Winterizing Tips for TV lovers

Don’t let the snow outside cause “snow” on your TV! Use these three easy winterizing tips for cord-cutters and satellite subscribers.

A fuzzy TV screen is the one type of “snow” no one wants in the winter. Unfortunately, this is what some cord-cutters and satellite TV subscribers will get if they don’t “winterize” their equipment. Yes, we’re well aware that winter is here, but there’s still time to protect your TV antenna connections and/or your satellite dish from the effects of snow. As I write this, it’s a sunny 40-degree Fahrenheit in Novi, Michigan. A day like this one is ideal for anyone to do the winterizing tasks we’re here to discuss.

Cord-Cutters, This Tip is for You!

If you have an outdoor TV antenna you bought from us, you might think you’re good to go for the winter. While the antennas we sell are sturdy, there are certain precautions you must take to keep getting optimal reception during the next few months. The good news is that winterizing your antenna – actually, it’s your antenna connections, but we’ll get into that below – is rather easy to do.

While your TV antenna can withstand some snow, you should be concerned about your coax connections. These are anywhere the coax cable connects to your TV equipment outside the house or in the attic. These need to be weather-proofed with something called weather boots. These are rubber or plastic covers that easily fit over the connector. If you don’t have these boots, get them. And if the boots you have are cracked or peeling, get new ones. It’s that simple.

Satellite TV Subscribers…

…If there are snow and ice on your dish, there’s you could have “snow” on your TV screen. You don’t want to spend the winter dealing with spotty reception. But you can’t got outside every day to brush the snow from your dish. Well, you can, but you’ll get tired of doing this after a few days. Fortunately, we have a convenient way to keep snow and ice off your dish.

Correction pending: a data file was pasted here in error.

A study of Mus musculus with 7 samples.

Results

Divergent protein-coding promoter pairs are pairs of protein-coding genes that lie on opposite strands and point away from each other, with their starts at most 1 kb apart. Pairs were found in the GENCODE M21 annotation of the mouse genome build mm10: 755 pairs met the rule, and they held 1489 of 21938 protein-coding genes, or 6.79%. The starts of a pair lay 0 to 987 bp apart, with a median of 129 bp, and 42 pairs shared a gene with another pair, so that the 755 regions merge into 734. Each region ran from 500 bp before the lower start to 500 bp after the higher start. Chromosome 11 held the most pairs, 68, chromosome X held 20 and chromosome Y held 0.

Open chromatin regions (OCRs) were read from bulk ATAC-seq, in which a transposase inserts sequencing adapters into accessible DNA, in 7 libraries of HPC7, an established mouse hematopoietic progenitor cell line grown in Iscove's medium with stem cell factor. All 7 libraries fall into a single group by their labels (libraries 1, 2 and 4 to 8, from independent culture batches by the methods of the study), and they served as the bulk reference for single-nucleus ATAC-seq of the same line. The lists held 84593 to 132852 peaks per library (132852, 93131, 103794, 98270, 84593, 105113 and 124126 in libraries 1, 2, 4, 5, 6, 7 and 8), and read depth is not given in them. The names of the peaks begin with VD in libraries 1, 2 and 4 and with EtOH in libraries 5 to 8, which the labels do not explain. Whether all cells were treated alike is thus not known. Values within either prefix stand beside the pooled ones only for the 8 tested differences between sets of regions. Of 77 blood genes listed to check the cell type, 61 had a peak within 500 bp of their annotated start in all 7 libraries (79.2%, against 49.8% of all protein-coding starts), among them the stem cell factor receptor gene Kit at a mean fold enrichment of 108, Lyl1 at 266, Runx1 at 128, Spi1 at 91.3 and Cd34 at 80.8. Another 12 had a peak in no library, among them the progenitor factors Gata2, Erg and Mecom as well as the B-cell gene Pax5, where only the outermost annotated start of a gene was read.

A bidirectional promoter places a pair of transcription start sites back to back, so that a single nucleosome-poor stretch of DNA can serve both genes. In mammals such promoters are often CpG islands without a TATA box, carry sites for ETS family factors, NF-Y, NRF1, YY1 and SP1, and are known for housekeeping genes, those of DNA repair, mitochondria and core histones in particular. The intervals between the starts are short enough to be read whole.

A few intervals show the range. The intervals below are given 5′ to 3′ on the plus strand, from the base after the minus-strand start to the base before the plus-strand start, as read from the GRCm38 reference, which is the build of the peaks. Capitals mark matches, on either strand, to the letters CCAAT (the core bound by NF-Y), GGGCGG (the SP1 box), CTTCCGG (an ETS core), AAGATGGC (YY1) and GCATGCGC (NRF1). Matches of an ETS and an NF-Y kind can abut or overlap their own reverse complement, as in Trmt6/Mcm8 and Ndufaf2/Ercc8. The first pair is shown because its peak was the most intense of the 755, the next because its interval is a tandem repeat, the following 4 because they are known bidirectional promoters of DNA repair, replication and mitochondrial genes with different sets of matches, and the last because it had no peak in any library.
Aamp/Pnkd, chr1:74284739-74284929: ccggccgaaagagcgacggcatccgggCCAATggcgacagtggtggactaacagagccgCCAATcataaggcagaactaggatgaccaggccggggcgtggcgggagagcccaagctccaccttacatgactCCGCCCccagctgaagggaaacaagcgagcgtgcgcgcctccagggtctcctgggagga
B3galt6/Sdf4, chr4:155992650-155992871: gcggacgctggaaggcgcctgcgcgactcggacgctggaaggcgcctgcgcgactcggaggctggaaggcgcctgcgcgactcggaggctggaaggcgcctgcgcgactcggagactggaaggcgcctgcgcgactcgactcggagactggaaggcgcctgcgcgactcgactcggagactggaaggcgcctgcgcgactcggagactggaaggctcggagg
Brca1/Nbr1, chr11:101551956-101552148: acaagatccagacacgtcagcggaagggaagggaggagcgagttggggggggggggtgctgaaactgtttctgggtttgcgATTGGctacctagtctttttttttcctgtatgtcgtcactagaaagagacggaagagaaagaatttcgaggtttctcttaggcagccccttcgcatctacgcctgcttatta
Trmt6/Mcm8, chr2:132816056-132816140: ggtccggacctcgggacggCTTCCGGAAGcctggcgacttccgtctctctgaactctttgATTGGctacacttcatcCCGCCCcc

This dish heater is the perfect solution for satellite TV subscribers in the “snow belt.” Its easy peel-and-stick installation is something that anyone can do, even those who are technologically challenged like me. Once you attach it to your dish and plug in the power supply, you’re done. The heater automatically turns on just above freezing temps, and it turns off when the dish surface is warm. Meanwhile, you and your family remain inside, enjoying all your favorite programming.

Other Winterizing Tips for TV Lovers

This next tip is for cord-cutters AND satellite TV subscribers. It’s basically for anyone who’s mounted an antenna – yes, a satellite dish is also an antenna – on their roof. Any time you drill a hole in your roof, you run the risk of letting water into your home through the tiny holes. A set of pitch pads can help to create a water-resistant seal around those holes, which helps prevent leaks and damage.

If you’re concerned about your installation, you could always go up on the roof and reattach your antenna with pitch pads. There’s only one problem: It’s December and you’re probably already getting snow. I wouldn’t recommend ANYONE getting up on their roof on snowy days. It’s too cold to be outdoors, and the dangers of slip-and-fall accidents are through the roof. (No put intended.) So, what do you do?

Well, like I said earlier, it’s a sunny 40 degrees here in Michigan. (That could change in a matter of hours.) If I needed to get up on the roof to install some pitch pads, today would be the day to do it. You’ll never see me tromping around on my roof after the temperatures drop and the snow starts blowing. So, if you think you need pitch pads, it’s best to get them now and install them on the nicest and SAFEST day. Or better yet, pay an installer to do it.

Before You Do Anything…

…It’s best to check with your friends here at Solid Signal. Seriously, folks. We’ve helped thousands of cord-cutters and satellite TV subscribers with their installations and equipment maintenance. Here on the Solid Signal blog, we have plenty of white papers and installation tips. If you have a specific question, it’s best to post it on the Support from Solid Signal Facebook page. And if you have questions about the specific products mentioned in this post, call Solid Signal at 888-233-7563. You can also fill out the form below and send it to us.

About the Author

Jake Buckler
Jake Buckler is a cord-cutter, consumer electronics geek, and Celtic folk music fan. Those qualities, and his writing experience, helped him land a copywriting gig at Signal Group, LLC. He also contributes to The Solid Signal Blog.